John Drinnan 's Opinion

Media writer for the New Zealand Herald

John Drinnan: Sport arrives on Freeview

Aussie rules highlights will be screened on the Sommet Sports channel that kicks off on Freeview today. Photo / Getty Images

Freeview sports channel Sommet Sports has a soft launch today on channel 14, offering a hint of competition for sports viewers.

But it will be a long time before it scratches Sky Sports' dominance, let alone makes a dent.

Sports fans would love a free- to-air alternative to Sky, but Sommet spokesman Andrew Reeves said the channel would not be trying to compete on mass-appeal sports with Sky, which was "in a different league".

Programming on the Freeview channel 14 includes sports magazine shows and a package of AFL (Aussie rules) highlights.

Sky TV is increasingly playing hard ball when bidding for rights, to the point it risked losing the NRL.

Eventually its brinksmanship with its bid paid off and it saved millions, but it has also made it clear the bottom line will supersede any vague obligation to keep customers happy.

Motorcycle racing fans were furious when Sky opted out of bidding for the MotoGP competition, arguing that it did not have a mass following.

Meanwhile, Igloo TV general manager David Joyce has corrected what he said was a misapprehension that Igloo would block free Sommet broadcasts from its pay TV platform.

Other free channels are available on Igloo so consumers don't need a second set top box.

A note on Igloo's Facebook page raised eyebrows suggesting Igloo - 51 per cent owned by Sky TV - tried to block the newcomer.

Joyce said Igloo was not opposed to it.

Reeves said the lack of an electronic programme guide on Igloo was one issue for Sommet.

Good neighbours

Labour broadcasting spokeswoman Clare Curran is concerned about the forced sale of TVNZ land to SkyCity for the Auckland convention centre.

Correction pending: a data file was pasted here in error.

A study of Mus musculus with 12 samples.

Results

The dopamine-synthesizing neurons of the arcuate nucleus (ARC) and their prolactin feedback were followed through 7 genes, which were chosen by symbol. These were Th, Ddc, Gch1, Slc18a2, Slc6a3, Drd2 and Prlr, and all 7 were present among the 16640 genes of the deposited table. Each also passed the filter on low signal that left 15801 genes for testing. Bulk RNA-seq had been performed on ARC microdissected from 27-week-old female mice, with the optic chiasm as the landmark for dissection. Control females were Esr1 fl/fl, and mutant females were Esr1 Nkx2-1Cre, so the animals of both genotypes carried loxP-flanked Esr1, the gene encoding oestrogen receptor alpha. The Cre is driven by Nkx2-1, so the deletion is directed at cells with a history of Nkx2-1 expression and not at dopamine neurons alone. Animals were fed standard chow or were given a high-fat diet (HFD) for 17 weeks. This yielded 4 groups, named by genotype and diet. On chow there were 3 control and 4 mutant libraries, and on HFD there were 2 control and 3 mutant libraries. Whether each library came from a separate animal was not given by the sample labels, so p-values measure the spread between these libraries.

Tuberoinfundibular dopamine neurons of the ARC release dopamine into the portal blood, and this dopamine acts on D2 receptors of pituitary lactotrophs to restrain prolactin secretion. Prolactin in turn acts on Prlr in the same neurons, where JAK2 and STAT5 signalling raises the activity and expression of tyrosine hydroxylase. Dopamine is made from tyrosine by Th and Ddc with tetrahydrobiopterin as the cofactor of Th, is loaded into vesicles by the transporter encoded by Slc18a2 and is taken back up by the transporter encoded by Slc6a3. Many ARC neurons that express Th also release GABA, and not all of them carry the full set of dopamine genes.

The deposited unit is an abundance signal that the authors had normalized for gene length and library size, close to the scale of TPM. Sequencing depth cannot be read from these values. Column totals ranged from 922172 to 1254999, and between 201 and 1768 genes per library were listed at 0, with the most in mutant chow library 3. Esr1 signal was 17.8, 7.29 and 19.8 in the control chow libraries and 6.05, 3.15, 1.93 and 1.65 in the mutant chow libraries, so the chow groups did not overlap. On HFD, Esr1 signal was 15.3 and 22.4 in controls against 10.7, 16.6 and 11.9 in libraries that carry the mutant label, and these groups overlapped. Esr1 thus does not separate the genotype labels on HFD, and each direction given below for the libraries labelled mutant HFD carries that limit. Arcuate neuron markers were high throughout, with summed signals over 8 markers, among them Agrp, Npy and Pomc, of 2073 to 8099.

She suggests the government will have negotiated a price for the land and says it fits with the highly opaque handling of the convention centre deal.

The Government insists the land will be sold at commercial rates, allowing for the inconvenience of renovating the network centre to squeeze in studios knocked down for the convention centre.

After all the back-slapping, it would be surprising if TVNZ were able to hold out for a top price to meet SkyCity's need for the land. The casino and the state broadcaster are neighbours in the Auckland central business district.

This time last year, TVNZ was fiercely resistant to the sale, saying it would cause major disruption.

Nowadays, sources say TVNZ is prepared for the worst. The tightened space will increase speculation that TVNZ will look at abandoning its central-city site altogether, a TVNZ source said.

Indeed, TVNZ chief executive Kevin Kenrick has been heard wondering aloud why TVNZ is on prime inner-city land when they could be at cheaper locations further out of town.

It's common knowledge the TVNZ network centre on the corner of Hobson St and Victoria St West - with its wide cascading stairway across five levels - was designed by architects to be easily converted into a shopping mall. You wonder why they don't just turn the network centre into a casino.

Just looking

Former Wilson & Horton managing director Michael Horton has talked down speculation he is interested in the New Zealand assets owned by APN News & Media, publisher of the New Zealand Herald.

Last Saturday, business commentator Brian Gaynor floated the idea for a local purchase of APN's New Zealand assets, and noted that Horton recently attended the annual meeting of APN in Sydney.

APN faces changes at the top with the resignation of chief executive Brett Chenoweth and four directors after a dispute with key investors about a capital raising.

The company also recently had Deutsche Bank review its New Zealand publishing assets, which led to its sale of the Christchurch Star and Oamaru Mail.

Other assets were untouched, adding to speculation about the Herald.

Horton - who has a home in Queensland - said he bought "a few"APN shares so he could attend the AGM in Sydney, but he only went out of interest.

APN recently announced a new chief executive to replace Chenoweth.

Michael Miller is currently New South Wales regional director for Rupert Murdoch's News Ltd.

For the past decade, Miller has been a Murdoch representative on the board of Sky TV, until the Murdoch company sold its stake in Sky in March.

He starts at APN in the middle of next month.

- NZ Herald

John Drinnan

Media writer for the New Zealand Herald

John Drinnan is the media writer for the New Zealand Herald. A business journalist for twenty years, he has been editor of the specialist film and television title "Screen Finance" in London, focussing on the European TV and film industry. He has been writing about media in New Zealand since the deregulation of the television industry in the late 1980s. He is focused on the business side of the digital revolution in media.